You can use a Shop Vacuum or a Wet/Dry Vacuum to suck up liquids. Those liquids can be water, soda, wine, urine, feces, or just about anything that is a liquid and not flammable.
Most shop vacuums will need to be adjusted for use with water. The reason for this is that sucking up dry objects is very different than sucking up wet objects. The dry stuff needs a filter and also to make your life easier you need to use a bag.
If you’re using your shop vacuum more like a regular vacuum cleaner for around the home, then it’s wise to use a bag along with a HEPA filter if your shop vacuum allows it.
If you want to use a shop vacuum to clean your pond we answer that at the bottom.
How To Suck Up Water
Before sucking up water, you need to remove the bag and any paper filters from your shop vacuum. Some shop vacuums will have the option of a foam filter that can stay on. Make sure to read the directions either in the booklet or sometimes they say on the filter itself on whether you can use it for water pickup.
Note: If you’re sucking up water from carpets then get a tool like the S.O.S. Sub Surface Carpet Extraction Tool. It plugs up to the hose of the shop vacuum and helps to extract water out.
Here is an excellent video showing how to use a shop vacuum for water pick up…
Can You Use A Shop Vac Without A Filter?
Some shop vacuums can be run without a filter. If you plan to run without the filter, then it should only be used for water pick up only. A shop vacuum should only be run in 2 settings – with the filter on or water in the tank. Not having either one can result in the shop vacuum not working for much longer.
Tip: If you haven’t already go get an extra filter to have around the home. I can’t tell you how many times I’ve let someone borrow my shop vacuum and they suck up the wrong things with it and destroy the filter and I’m down a shop vacuum til I get a new filter. So annoying.
If you do choose to not use a filter of any kind, then it would be smart only to use the shop vacuum in open areas and not in the home. The filter stops dust from being blown back out, which would defeat the purpose of a vacuum cleaner if you used it in the home with no filter.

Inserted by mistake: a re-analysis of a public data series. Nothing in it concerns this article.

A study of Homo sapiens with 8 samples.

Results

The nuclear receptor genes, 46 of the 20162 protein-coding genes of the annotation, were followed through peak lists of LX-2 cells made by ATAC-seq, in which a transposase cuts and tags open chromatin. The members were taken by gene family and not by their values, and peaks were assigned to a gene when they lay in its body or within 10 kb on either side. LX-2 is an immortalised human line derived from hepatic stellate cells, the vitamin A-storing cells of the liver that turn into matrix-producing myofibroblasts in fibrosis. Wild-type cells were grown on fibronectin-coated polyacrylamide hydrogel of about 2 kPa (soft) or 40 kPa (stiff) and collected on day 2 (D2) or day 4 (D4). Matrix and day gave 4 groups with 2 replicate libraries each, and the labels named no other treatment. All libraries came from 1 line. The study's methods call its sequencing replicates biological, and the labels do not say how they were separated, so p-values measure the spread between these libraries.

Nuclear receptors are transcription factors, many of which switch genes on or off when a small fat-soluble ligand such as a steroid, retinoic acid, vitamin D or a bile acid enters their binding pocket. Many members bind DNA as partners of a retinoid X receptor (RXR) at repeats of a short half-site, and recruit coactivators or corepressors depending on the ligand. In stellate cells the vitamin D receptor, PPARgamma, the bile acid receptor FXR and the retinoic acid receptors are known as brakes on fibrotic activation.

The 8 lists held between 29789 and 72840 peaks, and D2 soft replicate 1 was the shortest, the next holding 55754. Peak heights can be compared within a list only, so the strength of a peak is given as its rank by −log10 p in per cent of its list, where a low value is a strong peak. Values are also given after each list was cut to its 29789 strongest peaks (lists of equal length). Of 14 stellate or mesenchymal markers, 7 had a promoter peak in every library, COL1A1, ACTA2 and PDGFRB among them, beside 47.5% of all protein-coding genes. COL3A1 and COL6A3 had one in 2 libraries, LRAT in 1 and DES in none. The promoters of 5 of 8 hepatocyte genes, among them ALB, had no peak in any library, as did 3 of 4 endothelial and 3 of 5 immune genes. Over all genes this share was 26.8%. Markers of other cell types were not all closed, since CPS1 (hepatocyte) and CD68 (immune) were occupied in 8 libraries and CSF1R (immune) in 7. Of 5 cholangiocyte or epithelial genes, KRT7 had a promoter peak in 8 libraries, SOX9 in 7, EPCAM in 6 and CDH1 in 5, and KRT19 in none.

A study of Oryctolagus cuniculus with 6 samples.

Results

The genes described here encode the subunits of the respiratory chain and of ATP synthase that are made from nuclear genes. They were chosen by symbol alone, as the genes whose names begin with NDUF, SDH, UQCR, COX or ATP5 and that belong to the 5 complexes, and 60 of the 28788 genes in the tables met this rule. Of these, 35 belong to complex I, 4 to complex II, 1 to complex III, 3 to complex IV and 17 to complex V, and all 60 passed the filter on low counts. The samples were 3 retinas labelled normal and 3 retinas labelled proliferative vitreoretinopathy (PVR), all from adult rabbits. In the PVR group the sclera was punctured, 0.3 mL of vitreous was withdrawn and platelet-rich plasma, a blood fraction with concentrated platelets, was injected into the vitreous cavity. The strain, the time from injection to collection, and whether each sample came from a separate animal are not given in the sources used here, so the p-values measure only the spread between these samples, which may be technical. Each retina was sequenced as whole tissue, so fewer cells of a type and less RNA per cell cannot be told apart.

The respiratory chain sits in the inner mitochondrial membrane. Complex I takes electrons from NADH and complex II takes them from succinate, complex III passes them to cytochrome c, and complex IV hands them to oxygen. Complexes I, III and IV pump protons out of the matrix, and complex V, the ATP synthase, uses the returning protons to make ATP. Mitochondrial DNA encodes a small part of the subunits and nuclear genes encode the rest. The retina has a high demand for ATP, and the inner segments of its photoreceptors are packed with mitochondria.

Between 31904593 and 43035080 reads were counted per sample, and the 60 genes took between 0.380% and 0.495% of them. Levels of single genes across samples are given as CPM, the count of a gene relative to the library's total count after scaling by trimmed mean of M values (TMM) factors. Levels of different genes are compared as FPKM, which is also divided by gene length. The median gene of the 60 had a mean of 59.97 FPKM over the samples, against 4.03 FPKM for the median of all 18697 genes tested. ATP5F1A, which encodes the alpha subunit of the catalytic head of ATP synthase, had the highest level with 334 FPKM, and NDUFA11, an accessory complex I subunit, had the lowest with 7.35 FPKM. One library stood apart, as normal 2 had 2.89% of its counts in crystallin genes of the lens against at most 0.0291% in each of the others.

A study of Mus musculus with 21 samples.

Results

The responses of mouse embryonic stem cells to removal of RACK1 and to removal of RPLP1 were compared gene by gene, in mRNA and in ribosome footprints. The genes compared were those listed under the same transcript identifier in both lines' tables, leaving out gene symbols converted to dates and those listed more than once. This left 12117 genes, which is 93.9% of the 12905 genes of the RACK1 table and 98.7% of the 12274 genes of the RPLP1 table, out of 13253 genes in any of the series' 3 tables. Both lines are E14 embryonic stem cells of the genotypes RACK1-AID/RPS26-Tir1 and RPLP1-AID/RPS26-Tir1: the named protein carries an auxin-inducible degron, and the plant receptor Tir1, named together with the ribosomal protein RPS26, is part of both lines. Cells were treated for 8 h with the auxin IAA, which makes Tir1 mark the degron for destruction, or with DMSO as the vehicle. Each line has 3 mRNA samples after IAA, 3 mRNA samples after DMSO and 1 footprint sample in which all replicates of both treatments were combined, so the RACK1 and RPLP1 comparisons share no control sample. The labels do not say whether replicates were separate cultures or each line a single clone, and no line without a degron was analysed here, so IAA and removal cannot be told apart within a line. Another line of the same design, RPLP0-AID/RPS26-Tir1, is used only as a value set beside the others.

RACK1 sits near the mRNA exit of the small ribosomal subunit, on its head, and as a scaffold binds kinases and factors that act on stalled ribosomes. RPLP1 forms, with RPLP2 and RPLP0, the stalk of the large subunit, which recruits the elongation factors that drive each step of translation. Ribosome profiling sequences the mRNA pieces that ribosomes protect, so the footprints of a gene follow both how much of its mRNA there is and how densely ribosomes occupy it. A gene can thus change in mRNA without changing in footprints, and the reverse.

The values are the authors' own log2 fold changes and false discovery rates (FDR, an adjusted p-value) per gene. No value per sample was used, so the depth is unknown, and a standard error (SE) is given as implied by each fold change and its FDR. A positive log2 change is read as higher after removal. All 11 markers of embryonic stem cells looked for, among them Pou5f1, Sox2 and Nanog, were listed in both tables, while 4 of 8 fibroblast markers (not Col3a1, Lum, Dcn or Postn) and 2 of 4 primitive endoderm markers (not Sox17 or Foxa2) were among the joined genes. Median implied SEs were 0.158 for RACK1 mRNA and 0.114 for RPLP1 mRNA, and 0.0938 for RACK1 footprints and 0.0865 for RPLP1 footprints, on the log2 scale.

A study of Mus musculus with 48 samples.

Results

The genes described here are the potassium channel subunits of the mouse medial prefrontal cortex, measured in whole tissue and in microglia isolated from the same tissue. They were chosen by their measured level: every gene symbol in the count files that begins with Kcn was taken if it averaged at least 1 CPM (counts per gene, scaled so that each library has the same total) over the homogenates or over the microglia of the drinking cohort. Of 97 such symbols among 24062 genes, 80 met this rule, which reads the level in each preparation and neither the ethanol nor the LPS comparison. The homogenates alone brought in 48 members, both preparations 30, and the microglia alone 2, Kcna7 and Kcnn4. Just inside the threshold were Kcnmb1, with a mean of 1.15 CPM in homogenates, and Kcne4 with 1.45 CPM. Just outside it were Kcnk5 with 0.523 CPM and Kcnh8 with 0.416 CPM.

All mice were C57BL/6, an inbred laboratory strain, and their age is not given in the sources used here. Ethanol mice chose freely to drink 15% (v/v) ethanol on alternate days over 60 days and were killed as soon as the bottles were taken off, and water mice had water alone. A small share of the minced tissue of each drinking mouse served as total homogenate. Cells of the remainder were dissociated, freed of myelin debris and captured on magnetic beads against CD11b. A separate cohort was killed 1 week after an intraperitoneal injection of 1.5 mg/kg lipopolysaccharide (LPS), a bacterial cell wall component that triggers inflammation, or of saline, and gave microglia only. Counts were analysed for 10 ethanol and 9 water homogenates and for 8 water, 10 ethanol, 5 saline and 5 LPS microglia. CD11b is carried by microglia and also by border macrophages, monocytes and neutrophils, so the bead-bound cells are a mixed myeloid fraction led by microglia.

Does the water act like a filter? – Not completely. If you place a little bit of water in the bottom of the tank of the shop vacuum, it will trap some of the dust. But it will not trap all of it. Unless the hose goes up and then down below the water, then the water is not a filtration system. They don’t do this for a reason, and I advise you not to do this unless you want to short out your motor. There does exist vacuum cleaners like the Rainbow vacuum here that uses water as a filtration system, and it works quite well.
Here is a demo of the Rainbow Vacuum that does use water as a filter…
Can You Use A Shop Vacuum Without A Bag?
Just like with the filter its best to use a bag if you’re sucking up dry things. It’s a must to remove the bag if you’re sucking up water.
If you suck up dry things without a bag, then it will just make a mess in the canister. It can also clog the filter sooner and even leak back out of the vacuum cleaner.
Here is a great video that goes into more details about this here…
What Can You Suck Up?
The great thing about a shop vacuum is its ability to suck up just about anything. I’ve sucked up nails, dog poop, urine, wine, coins, socks, and so much more with a shop vacuum. These things don’t get stopped like a normal vacuum cleaner; even pet hair is no match for the power of a shop vacuum.
If your basement floods, you can use a shop vacuum to suck up the excess water from the floor. You can even get some shop vacuums with output hoses for draining off the water. A shop vacuum is not meant to be a long-term option as a water pump but does help in a pinch.
Most shop vacuums have a float that will shut off suction from the motor if the canister gets too full of water. Be on the lookout for when the vacuum changes pitch and lose all its suction. When this happens, you need to empty the tank before continuing.
Shop Vac For Cleaning Ponds?
I would recommend not using your Shop Vacuum for cleaning ponds or any large body of water. The biggest reason is that they fill up too fast and get clogged with the random gunk in the ponds too. You’ll be emptying a Shop Vacuum every 20 seconds if you use it to clean that much water. Trust me, I’ve tried and it’s not worth it.
If you must use a Shop Vacuum to clean your pond make sure to stick to Shop Vacuums that have an output hose. The output hose is a major thing to have as it allows the water to flow right back out after sucking it up. But keep in mind that sometimes the output hose might not be able to keep up with the incoming water. So you could end up back where you started and have to wait every few seconds.
What you should use instead is a pump like the Active Aqua Submersible Water Pump. Once it’s sucked up the bulk of the pond water you then can use a Shop Vacuum to suck up the rest.
You could even have the submersible pump dump the pond water in a container if you wish to reuse the water.